Anouska Hempel’s favourite boat

It was the tightly waisted shape of a Turkish gulet, spotted by the interior designer in a boatyard near Bodrum, that unleashed her imagination

Anouska Hempel on her Turkish gulet, Beluga I, moored in Ischia in the Gulf of Naples
Anouska Hempel on her Turkish gulet, Beluga I, moored in Ischia in the Gulf of Naples | Image: Gaia Cambiaggi

“Ernest Hemingway once said: ‘It was considered a virtue not to talk unnecessarily at sea.’ And that quote sums up a great deal about me and Beluga I, which I owned for 15 years. She was where I found true tranquillity and head space – she was my pride and joy.

Beluga had heaps of personality. When you saw her on the horizon, it was the pirate-black sails that set her aside. She oozed adventure, theatre and fun. It was a romantic notion of travel, sailing under the stars, and definitely something you cannot get on board a shiny white number.

My love of the sea has been with me since my childhood in Australia and New Zealand: I’d spend hours walking along the beach at home and my first boat was a dinghy with an outboard motor that I lost off the back on its maiden voyage. I found Beluga in an old shipyard near Bodrum as I was coming to the end of a summer charter with my husband. All the gulets were out of the water and raised on stilts ready for the winter, and as we walked in, I saw my next project. I fell for the lovely shape of her pine undercarriage: high at the back and tugged down at the tummy – tightly waisted.

We got talking to two men in a local bar and gave them £1,000 to sail her to Mallorca where I planned to have her refitted by my carpenter. They took our money (they hadn’t a bean between them), a little transistor radio and our boat. Fortunately, they were as honest as the day is long and Beluga got there.


It took two years to refurbish her and there were constant updates and changes as I came up with new ideas – I enjoyed fitting my designs around the intricacies of the boat’s shape. She had four makeovers in the time we owned her, from pale ginger, then white on white, followed by navy blue, then black and ginger. I liked to create a look, a mood, with the varnished wood interiors, raffia blinds, cane chairs and parchment trunks for tables, laid with trays of matching pots found on shopping trips. My favourite place was the aft deck, which was covered in big cushion divans that were long enough to snooze on, although whenever we hoisted the sails it involved removing all the cushions. I remember one occasion, near Göcek, when we were saved the bother, as a speed boat whizzed past so close and fast that all the aft-deck furniture and tableware were swept into the sea and sank to the bottom.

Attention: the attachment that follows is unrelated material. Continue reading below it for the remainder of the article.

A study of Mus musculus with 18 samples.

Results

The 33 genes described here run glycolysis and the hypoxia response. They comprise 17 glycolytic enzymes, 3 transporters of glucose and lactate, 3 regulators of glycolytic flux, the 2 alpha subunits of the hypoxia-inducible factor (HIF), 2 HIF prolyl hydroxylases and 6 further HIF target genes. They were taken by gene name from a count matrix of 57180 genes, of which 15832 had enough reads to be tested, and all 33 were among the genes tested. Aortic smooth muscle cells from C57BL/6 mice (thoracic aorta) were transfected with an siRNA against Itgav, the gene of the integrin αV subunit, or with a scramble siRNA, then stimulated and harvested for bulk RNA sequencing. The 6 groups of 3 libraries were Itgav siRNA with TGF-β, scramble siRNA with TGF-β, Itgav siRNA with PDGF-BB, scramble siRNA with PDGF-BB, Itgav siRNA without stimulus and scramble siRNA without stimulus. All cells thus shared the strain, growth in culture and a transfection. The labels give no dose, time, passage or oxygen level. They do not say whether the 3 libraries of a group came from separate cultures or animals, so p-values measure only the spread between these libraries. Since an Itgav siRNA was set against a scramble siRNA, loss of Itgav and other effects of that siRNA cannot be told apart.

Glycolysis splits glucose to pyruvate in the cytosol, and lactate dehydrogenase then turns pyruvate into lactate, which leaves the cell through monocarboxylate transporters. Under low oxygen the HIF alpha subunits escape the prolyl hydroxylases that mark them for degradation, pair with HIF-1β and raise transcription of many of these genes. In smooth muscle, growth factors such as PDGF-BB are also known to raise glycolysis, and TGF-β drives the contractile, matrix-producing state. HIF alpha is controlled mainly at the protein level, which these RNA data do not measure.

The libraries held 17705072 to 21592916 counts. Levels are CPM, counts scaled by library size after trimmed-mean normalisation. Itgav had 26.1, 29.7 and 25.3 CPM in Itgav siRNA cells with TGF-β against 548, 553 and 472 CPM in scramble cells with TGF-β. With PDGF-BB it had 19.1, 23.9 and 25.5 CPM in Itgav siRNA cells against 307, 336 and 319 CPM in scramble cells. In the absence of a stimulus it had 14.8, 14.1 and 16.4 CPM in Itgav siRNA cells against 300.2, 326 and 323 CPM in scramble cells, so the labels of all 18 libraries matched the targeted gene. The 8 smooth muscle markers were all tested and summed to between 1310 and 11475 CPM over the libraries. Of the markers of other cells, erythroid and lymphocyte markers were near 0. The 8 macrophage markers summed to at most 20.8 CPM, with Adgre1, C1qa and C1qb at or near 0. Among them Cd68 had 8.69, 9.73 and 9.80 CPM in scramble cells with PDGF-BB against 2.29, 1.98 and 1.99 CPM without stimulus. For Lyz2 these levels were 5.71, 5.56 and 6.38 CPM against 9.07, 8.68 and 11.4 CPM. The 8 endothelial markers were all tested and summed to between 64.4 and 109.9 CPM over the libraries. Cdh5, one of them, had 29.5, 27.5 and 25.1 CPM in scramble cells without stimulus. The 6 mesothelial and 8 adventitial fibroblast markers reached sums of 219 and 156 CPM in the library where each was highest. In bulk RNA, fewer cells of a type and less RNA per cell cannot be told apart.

I would love to have spent a month on board, but it was mostly long weekends with a few friends, the crew and Neville Campbell, our chef of many years from Blakes London, who headed up the galley. We sailed along the Turkish coastline, or to CorfuPuglia and Tunisia, drifting slowly into bays where we would moor for a day or two and eat the fresh seafood in local restaurants.

For me, there is nothing like being out at sea when I’m looking for inspiration for my designs, such as the sapphire blues and emerald greens of the waters off the coast of Daçta for my latest hotel project in Paris, Monsieur George. I aim to always create warmth and wonder, which Beluga had in spades, because it was my very own space. I was very sad to part ways with her, but I’m already on the hunt for another gulet in Turkey for my next project.”